The W1SYE repeater is back on the air in a reduced capacity experimental mode. It is in a temporary location and is using separate transmit and receive antennas (no duplexer.) The transmit power output is intentionally quite low (670 milliWatts) to avoid clobbering the repeater receiver with RF from the too closely spaced transmit antenna. The transmit antenna is higher than the receive antenna, which is opposite to the conventional way of running separate antennas for a repeater. But it works, and we will keep it on the air in this configuration until it can be returned to service in its regular location later this spring.
Please try out the Mini-Me W1SYE if you have a chance. Don’t expect normal performance, but you might be surprised at how well you can hear a very low power signal from a modest antenna. The receive antenna is quite low, so don’t be too disappointed if the repeater can’t hear you.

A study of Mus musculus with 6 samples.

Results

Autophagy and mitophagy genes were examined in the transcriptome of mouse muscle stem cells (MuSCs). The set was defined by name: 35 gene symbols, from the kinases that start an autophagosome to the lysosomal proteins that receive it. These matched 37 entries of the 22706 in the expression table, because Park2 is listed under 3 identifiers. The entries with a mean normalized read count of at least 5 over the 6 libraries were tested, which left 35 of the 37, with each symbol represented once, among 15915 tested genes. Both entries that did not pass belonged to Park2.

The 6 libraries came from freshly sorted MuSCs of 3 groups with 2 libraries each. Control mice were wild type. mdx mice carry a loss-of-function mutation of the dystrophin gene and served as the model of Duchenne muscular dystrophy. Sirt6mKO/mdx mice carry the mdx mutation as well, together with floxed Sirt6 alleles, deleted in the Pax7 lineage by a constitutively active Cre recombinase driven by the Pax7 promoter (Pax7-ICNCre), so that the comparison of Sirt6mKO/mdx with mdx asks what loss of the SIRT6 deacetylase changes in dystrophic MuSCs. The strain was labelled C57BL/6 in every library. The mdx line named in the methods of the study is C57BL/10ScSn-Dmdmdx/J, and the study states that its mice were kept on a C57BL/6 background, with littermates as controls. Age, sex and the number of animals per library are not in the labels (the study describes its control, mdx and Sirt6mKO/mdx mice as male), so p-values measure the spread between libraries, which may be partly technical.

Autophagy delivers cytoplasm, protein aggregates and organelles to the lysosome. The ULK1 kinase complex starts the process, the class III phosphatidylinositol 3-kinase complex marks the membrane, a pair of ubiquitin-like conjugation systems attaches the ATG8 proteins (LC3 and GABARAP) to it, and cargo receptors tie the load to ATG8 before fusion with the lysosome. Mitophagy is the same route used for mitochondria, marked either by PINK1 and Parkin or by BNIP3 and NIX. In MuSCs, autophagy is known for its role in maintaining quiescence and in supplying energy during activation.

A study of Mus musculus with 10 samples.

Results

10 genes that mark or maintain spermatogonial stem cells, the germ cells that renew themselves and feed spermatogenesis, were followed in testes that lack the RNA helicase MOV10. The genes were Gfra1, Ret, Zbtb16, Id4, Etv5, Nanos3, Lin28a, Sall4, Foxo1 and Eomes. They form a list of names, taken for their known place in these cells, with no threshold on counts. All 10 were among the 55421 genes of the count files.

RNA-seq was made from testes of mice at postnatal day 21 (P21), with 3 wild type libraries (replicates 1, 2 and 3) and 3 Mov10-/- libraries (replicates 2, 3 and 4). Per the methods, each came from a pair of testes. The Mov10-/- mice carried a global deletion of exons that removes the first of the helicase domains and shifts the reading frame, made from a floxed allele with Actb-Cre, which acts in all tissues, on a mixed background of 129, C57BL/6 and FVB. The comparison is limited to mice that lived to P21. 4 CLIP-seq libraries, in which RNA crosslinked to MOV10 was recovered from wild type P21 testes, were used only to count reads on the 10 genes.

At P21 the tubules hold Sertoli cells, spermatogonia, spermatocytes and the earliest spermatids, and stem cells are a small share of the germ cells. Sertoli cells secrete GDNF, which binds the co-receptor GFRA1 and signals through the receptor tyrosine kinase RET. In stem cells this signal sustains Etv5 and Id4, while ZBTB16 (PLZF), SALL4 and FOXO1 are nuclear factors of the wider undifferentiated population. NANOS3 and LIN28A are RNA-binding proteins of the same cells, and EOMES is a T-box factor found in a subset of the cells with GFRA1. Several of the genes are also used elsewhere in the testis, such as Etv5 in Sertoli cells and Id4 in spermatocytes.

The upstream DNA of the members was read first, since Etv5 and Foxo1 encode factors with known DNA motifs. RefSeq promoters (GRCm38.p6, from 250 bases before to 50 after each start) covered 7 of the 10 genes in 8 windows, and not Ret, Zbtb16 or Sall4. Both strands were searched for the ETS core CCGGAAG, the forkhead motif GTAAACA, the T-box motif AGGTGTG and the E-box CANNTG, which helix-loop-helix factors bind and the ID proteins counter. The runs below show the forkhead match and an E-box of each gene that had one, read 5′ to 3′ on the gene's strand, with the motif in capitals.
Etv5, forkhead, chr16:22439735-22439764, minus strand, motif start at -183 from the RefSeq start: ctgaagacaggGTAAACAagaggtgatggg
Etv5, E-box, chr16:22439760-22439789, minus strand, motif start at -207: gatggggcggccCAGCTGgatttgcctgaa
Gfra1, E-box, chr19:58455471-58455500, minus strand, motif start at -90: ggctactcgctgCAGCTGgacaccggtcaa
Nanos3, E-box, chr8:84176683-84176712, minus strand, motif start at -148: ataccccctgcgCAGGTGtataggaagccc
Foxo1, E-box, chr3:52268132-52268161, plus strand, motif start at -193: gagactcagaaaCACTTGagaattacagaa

<Editor Comment: The audio quality of this new repeater is unbelievably good and it is quite amazing how well 0.7 watts gets out as it is a full S9+ across the bay.>
Effective Wednesday March 8, the W1SYE 145.45 repeater has been taken off the air. It should return to service by the end of April. When it is back on the air, everything will be new with the exception of the hardline, which was replaced about 3 years ago.
The computer used for the gateway function of our DSTAR repeater, W1AAD, has been failing for the past few months. We have decided to take the repeater off the air until we can come up with a reliable alternative that can be managed remotely (access to the site is very restricted).
There is no definite timeframe, but several weeks is is the minimum.
The DSTAR Repeater, W1AAD, suffered a hardware failure that left the internet connection down, but the RF part working. The internet section was repaired by John Mills, Ted Wrobel, and Bob Beatty this morning. Unfortunately the RF side is now offline.
Ted and Bob will return to the site tomorrow, install a new UPS, and get the RF side back up and running.
The W1SYE repeater is temporarily off the air due to lack of AC power at the site. The nightly NCRC net is still being held weeknights at 19:00 hours, simplex on the output frequency 145.450 MHz. We have relay stations for the Warren net control in Coventry, Portsmouth, and Middletown.
The repeater will likely be off the air for a week or two, but this is an outstanding training opportunity for everyone to practice simplex net operation.